Mimsy Were the Borogoves

Editorials: Where I rant to the wall about politics. And sometimes the wall rants back.

Big government demands a nanny state

Jerry Stratton, December 11, 2014

Ivan VI of Russia with nanny: “Portrait of the Tsar of Russia Ivan VI Antonovich (1740-1764) with lady-in-waiting Julia von Mengden.”; Russia

Government in the hands of a nanny.

The champions of socialism call themselves progressives, but they recommend a system which is characterized by rigid observance of routine and by a resistance to every kind of improvement. They call themselves liberals, but they are intent upon abolishing liberty. They call themselves democrats, but they yearn for dictatorship. They call themselves revolutionaries, but they want to make the government omnipotent. They promise the blessings of the Garden of Eden, but they plan to transform the world into a gigantic post office. Every man but one a subordinate clerk in a bureau. — Ludwig von Mises (Bureaucracy: Conclusion)

Monolithic government programs create a nation of people who cannot afford to mind their own business. Every citizen must be their neighbor’s nanny, because their neighbor’s bad choices cost them both in money and quality of services.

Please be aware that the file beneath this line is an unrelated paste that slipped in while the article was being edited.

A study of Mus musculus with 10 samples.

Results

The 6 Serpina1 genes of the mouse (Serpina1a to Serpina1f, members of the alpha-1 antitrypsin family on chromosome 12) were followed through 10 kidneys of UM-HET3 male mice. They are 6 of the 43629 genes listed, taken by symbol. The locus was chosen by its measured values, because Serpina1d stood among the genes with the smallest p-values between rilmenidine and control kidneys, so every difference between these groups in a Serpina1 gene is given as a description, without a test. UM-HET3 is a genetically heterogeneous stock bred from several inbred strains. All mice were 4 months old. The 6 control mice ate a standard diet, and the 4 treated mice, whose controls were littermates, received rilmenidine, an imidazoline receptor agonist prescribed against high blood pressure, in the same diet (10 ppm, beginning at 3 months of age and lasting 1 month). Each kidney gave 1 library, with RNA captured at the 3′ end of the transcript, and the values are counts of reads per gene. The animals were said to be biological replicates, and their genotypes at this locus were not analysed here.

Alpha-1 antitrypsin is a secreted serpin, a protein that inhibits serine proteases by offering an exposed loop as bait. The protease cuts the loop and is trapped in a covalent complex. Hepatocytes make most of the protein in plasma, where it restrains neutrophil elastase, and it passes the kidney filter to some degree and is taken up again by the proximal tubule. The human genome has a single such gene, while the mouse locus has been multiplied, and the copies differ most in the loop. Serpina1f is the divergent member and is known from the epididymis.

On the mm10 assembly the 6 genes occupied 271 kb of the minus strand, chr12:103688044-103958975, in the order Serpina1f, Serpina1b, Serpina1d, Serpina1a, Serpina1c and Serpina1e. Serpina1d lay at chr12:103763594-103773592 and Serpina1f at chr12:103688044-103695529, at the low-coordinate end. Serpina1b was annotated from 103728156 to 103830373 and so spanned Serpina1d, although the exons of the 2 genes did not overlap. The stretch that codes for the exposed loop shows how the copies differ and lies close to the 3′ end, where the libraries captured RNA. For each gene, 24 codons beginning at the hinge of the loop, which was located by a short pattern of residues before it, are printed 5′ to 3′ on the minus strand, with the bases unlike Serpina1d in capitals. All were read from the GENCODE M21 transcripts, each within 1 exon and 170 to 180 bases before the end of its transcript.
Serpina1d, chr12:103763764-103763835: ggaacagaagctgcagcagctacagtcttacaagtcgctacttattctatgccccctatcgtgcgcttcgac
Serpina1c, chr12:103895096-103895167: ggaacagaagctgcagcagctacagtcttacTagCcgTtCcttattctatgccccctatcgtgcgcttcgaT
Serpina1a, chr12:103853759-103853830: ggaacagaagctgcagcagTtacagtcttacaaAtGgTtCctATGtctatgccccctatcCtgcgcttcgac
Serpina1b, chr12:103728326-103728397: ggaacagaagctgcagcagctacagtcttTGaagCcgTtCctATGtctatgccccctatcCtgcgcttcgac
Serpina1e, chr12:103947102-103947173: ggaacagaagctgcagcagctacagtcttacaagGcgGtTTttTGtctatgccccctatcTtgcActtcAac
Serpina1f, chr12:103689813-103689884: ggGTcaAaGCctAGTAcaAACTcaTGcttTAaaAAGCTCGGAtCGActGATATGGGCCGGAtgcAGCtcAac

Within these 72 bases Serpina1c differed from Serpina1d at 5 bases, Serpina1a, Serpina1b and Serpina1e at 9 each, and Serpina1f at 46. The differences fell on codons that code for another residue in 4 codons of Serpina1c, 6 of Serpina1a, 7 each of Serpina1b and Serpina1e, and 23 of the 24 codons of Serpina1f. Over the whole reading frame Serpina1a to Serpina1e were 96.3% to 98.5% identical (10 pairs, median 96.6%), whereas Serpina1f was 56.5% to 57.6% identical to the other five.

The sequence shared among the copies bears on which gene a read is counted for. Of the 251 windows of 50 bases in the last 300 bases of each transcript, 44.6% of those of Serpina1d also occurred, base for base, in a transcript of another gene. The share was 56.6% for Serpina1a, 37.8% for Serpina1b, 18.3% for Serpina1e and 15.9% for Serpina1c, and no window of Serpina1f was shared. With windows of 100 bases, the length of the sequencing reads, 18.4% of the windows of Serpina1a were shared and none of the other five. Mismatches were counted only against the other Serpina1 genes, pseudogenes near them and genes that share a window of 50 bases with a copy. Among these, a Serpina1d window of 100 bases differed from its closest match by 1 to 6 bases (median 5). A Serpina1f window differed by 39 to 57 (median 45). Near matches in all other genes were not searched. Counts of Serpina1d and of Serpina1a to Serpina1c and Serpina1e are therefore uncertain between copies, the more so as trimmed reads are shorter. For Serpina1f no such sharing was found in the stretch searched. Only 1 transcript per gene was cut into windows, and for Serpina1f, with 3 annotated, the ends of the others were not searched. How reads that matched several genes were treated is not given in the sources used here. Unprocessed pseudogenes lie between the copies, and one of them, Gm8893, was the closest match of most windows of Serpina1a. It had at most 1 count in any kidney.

Government schools mean that religious parents need to control what government schools teach—and so do atheists. Most people can’t afford to send their kids elsewhere, because the money they’d use to do it is sent to government schools. But everyone cares, heavily, about the quality of their children’s education. A monolithic, one school per community system of education ensures that diverse communities will viscerally disagree over what those schools should teach.

Universal subsidized health insurance that is forbidden to look at your existing health means that your neighbors, even if you do not currently avail yourself of that insurance, have an interest in your snack choices, your choice of fast food, your financial choices, your recreational choices, and all of your vices. If it might injure you, sicken you, or weaken you, it affects their taxes.

Anything that might result in an injury, however minor, or a sickness, however bland, isn’t just your problem. It is your neighbors’ problem—all four hundred million of them.

Your right to not wear a seatbelt ends at my government-required insurance premium. The war on pot smokers is warranted by the potential welfare costs of amotivational syndrome. Every government program has unseen costs. We may decide that some of these costs are justified and some aren’t, but we cannot pretend that the costs don’t exist.

The bigger government gets, the more everyone becomes their brother’s keeper. They can’t afford not to be.

In response to The Bureaucracy Event Horizon: Government bureaucracy is the ultimate broken window.